What Great CHROs Know That Makes Them Great

Let’s set aside the obvious: Know the business. Build a great team. Cultivate relationships and respect with others on the leadership team. Understand the full HR suite of services.

All true. But, there is more to the story.

In our work, we have the opportunity to see many great Chief Human Resource Officers (CHROs) and VPs of HR up close. Yet, the real difference-making behaviors in the best of the best aren’t always the obvious.

Here is my list of the real lessons and behaviors that make the difference:

Expect and request tough choices

A client CHRO recently had a business transformation underway and a CEO with very high expectations. She was tackling a big list of priorities and creatively maximizing her team and resources to capacity. Yet, as more big requests came in, she confidently asked her CEO to discuss their two options: 1) increase resources and funding to take on the new initiatives, or 2) change expectations and reduce the number of priorities.

She got her funding. And, she didn’t let her past success create blinders for the future. As I watched her artfully handle what many would have viewed as a big challenge, I couldn’t help but think of those that would have gradually slid into a no-win situation, saddled with expectations that could never be met.

Talk outcome and business impact first – always

Many good HR leaders enter into strategy and business planning discussions only through the lens of HR initiatives, programs and policy. However, the best first engage on the desired business outcomes: What business results are we looking for? What must be achieved and by when? Have we considered … ? Then, offer insights on how to get there with a clear-eyed view of the must haves, the ideal timing and the opportunity. The HR decisions then follow.

Recently, a client HR/talent executive actively participated in this broader business discussion with the leadership team and then separately worked with his team on the HR implications. He didn’t use valuable time with the executive team to sort out what he could decide separately. Instead, he spent his energies upfront on agreeing business outcomes and gaining alignment on the direction.

Have a point of view

Research backs this up. I have never seen a respected HR executive who didn’t possess this ability in his or her own unique way. The point of view is based on informed intuition – a blend of information and insights that project what is needed now and in the future. When you add an ability to listen, a willingness to get smarter with new information and collaborate with others – this is a powerful and essential capability for any respected leader.

Comfortably and confidently think on your feet

I believe that comfort with ambiguity is today’s key leadership capability. In ambiguity and uncertainty, there are two levers to pull: reduce the ambiguity or increase your comfort with it. Top HR leaders know how to pull this off – which is part skill and part mindset.

The truth is you can’t always prepare your way into great results. You can read all of the reports, review the analysis, prepare for possible issues and still be surprised at the board meeting. This is even harder if you believe you must have the “right answer” before you engage.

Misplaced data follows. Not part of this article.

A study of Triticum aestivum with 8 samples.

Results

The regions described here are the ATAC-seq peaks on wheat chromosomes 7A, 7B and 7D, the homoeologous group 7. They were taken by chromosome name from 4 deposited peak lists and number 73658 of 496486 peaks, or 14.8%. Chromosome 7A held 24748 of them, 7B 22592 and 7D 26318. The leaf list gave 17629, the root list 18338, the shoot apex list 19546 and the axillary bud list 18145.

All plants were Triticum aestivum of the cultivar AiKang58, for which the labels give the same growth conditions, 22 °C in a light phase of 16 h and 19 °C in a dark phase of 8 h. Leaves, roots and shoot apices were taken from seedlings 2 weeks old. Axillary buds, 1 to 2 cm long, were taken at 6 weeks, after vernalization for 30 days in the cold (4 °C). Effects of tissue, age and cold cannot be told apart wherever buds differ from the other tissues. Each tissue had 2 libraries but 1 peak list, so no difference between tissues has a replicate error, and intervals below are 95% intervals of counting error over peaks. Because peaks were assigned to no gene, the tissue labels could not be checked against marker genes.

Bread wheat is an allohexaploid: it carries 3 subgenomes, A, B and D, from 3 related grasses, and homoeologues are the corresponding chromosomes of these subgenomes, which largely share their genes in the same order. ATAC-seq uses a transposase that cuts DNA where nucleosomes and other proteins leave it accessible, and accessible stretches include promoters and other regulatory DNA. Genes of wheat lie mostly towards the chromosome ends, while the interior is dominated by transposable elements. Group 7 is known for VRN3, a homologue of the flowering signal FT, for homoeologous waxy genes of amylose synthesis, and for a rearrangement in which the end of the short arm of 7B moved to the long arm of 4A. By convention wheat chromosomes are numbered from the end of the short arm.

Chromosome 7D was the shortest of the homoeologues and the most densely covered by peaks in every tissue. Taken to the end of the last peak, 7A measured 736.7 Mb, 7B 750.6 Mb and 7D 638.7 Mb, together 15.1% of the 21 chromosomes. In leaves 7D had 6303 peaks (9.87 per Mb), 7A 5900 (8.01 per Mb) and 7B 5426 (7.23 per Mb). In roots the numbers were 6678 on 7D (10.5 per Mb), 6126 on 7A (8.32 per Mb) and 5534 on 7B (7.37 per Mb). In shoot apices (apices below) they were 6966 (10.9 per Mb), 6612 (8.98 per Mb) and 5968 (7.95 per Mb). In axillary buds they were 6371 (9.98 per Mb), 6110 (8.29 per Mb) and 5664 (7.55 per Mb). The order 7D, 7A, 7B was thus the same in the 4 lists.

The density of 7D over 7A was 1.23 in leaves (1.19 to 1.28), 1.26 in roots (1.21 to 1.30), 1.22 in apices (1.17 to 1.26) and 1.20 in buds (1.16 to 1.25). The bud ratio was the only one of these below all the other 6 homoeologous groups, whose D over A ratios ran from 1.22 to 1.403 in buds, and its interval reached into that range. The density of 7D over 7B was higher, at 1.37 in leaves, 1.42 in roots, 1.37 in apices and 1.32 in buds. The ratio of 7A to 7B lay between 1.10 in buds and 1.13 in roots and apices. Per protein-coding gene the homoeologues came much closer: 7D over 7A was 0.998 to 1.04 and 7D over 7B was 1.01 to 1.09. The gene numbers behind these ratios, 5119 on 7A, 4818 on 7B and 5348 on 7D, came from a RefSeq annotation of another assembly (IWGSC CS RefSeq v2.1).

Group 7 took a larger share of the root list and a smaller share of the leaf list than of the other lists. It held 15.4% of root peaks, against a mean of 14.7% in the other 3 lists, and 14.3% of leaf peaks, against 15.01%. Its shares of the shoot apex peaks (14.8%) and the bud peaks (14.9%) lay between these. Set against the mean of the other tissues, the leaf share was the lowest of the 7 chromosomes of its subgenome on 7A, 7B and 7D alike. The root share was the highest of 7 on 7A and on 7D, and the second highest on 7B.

Keep your mind on the impact you want to have, the problem you want to solve or the opportunity you want to grab. You show up differently when you focus on impact and not personal success. Decisions are rarely made without surprises or ambiguity. Get very comfortable with it.

Advise with strength and positive intent

The best CHRO’s proactively coach and advise other leaders on how to create positive business impact with their best interest in mind.


Hire direct reports that elevate the CHRO role

This is beyond hiring smart people with potential who will represent you well. Smart HR executives always consider two important factors:

1) What are my knowledge and work style gaps that I need to fill?, and

2) Who do I need around me so that I can spend my time on the right things? 

The smart, strategic CHROs hire direct reports capable of translating strategies into actions that work. This balance ensures that the CHRO can be strategic and a true business leader.

Recently, a client VP of HR had the capability to be a respected, strategic leader and influencer. Yet, her direct reports created a gap she had to fill. They didn’t have the skills that allowed her to utilize her ability to make the impact she could have because she was pulled into tactics, processes and operational issues that a stronger team could have managed with just her guidance.

Leading the people strategy is different than leading the HR function

The best top HR leaders know that their role is to determine and guide the people strategy and execution that will realize the business strategy. This is much broader than leading a world class HR function. Yet, this world view will determine how you carry out your role and the impact that you will ultimately have. Don’t confuse the two.

Get the fundamentals right. But, remember that to be a top HR leader the intangibles will make the difference.

Patti Johnson is the CEO of PeopleResults, a change and organizational development consulting firm she founded in 2004. She is the author of newly released "Make Waves: Be the One to Start Change at Work and in Life." Patti and her team advise clients such as PepsiCo, Microsoft, 7-Eleven, Accenture, Frito-Lay and many others on creating positive change in their leaders and organizations. Previously a Senior Executive at Accenture. Patti is an instructor on change for SMU Executive Education and for the Bush Institute Women’s Initiative, as well as a keynote speaker on change and leadership.